Teletherapy. If you work in the school setting like me, chances are you have at least one teletherapy session under your belt by now. For many of us, we have completed weeks, if not months, of treating students through a screen.
Because my school district has offered families a remote learning option this school year, I have embraced my role as an OT both inside school walls as well as virtually. As I sat down at the beginning of the school year to plan my virtual sessions, a big question came to mind:
What can I do with my teletherapy students without my trusty " tote bag of tricks?"
After completing a semester's worth of virtual sessions, I have found five common household objects that are perfect f or targeting fine motor skills. Under each object, I listed sample activities that I have personally used during teletherapy sessions, targeting a wide range of skill levels.
1) Paper Clips
- An adult places the paper clips around the edge of a piece of paper. The student pulls off the paper clips and places them into the container.
- The student places paper clips around the edges of an index card or sheet of paper.
- The student forms a paper clip chain.
- An adult dispenses tape and tapes small toys/objects onto the table. The student grasps a corner of the tape and pulls off the tape to "rescue" the toy.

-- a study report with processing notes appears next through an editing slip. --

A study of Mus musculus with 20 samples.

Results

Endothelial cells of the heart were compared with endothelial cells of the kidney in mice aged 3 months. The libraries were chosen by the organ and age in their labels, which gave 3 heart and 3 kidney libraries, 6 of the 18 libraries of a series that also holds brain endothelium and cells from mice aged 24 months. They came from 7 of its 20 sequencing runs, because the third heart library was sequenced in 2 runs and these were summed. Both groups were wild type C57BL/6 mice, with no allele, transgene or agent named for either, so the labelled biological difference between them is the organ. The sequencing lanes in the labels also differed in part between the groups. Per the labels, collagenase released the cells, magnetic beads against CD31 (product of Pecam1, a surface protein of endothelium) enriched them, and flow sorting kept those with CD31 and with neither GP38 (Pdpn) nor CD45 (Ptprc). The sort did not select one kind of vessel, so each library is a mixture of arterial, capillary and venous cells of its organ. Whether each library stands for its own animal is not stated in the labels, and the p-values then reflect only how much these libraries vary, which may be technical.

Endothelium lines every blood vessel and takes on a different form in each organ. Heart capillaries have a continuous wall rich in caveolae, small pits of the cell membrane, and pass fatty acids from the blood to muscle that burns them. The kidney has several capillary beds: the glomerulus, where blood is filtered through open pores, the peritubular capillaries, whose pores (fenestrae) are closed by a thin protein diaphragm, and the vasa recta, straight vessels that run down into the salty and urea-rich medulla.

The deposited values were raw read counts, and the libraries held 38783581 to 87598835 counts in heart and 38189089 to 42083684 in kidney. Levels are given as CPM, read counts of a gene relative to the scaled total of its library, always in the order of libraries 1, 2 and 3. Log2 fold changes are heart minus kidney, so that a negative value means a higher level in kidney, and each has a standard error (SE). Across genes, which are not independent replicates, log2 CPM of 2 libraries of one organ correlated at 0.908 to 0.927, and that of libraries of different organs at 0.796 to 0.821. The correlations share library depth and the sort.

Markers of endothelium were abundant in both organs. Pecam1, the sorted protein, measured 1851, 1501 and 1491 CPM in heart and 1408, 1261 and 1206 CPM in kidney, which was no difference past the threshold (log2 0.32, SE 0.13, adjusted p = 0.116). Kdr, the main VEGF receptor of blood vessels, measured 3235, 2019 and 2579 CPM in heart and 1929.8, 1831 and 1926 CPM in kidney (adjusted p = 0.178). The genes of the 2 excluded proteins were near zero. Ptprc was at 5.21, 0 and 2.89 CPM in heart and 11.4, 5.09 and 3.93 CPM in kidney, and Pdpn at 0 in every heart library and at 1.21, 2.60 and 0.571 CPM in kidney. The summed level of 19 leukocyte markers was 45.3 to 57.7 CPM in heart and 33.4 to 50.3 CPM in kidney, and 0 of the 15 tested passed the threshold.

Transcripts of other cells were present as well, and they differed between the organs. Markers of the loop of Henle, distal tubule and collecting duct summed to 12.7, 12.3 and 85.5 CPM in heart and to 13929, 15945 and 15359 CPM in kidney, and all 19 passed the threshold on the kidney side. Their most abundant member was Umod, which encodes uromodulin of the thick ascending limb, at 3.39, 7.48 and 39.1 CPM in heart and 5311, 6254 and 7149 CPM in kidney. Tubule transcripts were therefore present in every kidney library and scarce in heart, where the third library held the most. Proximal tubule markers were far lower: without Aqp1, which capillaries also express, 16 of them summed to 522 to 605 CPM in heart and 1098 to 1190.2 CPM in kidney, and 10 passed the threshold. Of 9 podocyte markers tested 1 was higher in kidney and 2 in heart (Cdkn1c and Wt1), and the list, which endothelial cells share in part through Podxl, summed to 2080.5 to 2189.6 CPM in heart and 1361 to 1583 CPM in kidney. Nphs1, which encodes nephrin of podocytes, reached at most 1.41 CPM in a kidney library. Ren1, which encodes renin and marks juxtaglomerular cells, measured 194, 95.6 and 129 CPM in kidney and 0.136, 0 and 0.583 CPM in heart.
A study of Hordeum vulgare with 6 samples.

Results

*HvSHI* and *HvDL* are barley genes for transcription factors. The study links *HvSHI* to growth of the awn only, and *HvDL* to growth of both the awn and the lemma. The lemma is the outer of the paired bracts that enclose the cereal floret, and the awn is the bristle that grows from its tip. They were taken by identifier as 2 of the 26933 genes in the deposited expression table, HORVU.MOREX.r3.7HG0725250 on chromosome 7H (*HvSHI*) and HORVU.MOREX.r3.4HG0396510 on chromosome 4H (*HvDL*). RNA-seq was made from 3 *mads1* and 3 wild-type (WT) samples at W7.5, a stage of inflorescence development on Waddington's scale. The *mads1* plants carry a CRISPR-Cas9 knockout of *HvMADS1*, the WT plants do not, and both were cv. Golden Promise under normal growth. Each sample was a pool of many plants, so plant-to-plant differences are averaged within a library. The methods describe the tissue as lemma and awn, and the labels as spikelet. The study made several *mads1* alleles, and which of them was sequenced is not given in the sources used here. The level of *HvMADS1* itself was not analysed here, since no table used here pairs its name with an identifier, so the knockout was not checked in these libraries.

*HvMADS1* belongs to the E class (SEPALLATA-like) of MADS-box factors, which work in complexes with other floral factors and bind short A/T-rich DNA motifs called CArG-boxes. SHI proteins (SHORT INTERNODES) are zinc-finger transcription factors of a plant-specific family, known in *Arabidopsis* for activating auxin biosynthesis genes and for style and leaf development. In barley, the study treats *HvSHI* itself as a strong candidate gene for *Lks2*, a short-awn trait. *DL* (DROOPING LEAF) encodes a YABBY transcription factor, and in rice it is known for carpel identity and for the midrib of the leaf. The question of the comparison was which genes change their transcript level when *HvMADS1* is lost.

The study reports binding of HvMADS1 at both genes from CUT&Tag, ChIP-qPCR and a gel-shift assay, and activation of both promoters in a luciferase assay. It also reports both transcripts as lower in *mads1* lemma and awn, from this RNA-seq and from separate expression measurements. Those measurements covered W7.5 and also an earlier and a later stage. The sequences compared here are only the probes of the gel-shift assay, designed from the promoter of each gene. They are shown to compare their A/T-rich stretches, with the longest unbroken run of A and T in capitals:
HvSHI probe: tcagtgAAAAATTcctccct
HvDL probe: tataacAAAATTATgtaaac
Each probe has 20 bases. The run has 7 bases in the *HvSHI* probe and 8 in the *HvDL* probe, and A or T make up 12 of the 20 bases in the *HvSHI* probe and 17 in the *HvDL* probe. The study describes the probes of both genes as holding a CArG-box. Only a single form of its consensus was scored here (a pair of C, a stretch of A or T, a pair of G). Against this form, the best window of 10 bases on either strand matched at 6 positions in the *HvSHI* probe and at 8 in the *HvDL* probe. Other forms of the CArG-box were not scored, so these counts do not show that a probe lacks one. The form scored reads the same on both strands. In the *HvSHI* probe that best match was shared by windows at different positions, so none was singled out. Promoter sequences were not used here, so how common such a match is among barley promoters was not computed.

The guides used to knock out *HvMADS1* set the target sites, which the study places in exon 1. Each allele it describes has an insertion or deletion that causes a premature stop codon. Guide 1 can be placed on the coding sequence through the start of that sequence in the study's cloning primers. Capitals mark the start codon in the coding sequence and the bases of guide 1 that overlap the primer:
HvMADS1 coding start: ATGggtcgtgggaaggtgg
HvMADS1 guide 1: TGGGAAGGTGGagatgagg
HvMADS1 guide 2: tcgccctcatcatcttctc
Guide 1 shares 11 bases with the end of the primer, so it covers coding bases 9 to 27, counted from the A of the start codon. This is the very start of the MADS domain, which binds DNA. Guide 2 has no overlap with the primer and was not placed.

- The student dispenses tape and tapes a paper or worksheet to a vertical surface.
- The student dispenses tape and forms t ape loops to secure a paper or worksheet to a vertical surface.
3) Cotton Balls
- The student pinches and pulls apart t he cotton ball.
- Next, the student glues the cotton to paper along the outline of a letter or shape.
- The student uses kitchen tongs to pick up and transfer cotton balls from the table to a
- The student blows a cotton ball through a straw to a target on the table (e.g. a cup on its side).
4) Rubber Bands
- An adult places rubber bands around a cup, and the student pinches and pulls off the rubber bands.
- The student places rubber bands around a cup.
- The student places rubber bands around a small ball or other household object.
- The student practices folding the paper in half along the short edge or long edge.
- The student cuts long strings of paper and then practices folding paper, accordion style.
- The student completes an origami activity.
When families are faced with limited resources, planning teletherapy sessions can be challenging. However, by using these five simple materials, your sessions will be even more effective because these families can start practicing these activities at home, every day!
About The Author
Tahnee earned her Masters Degree in Occupational Therapy from the University of Illinois at Chicago in 2010. She has worked with the pediatric population in the school setting since 2010 and in the outpatient clinic setting since 2013. Outside of work, Tahnee enjoys spending time with her husband, Nathan, her daughter, Zoe, and her dog, Ruthie.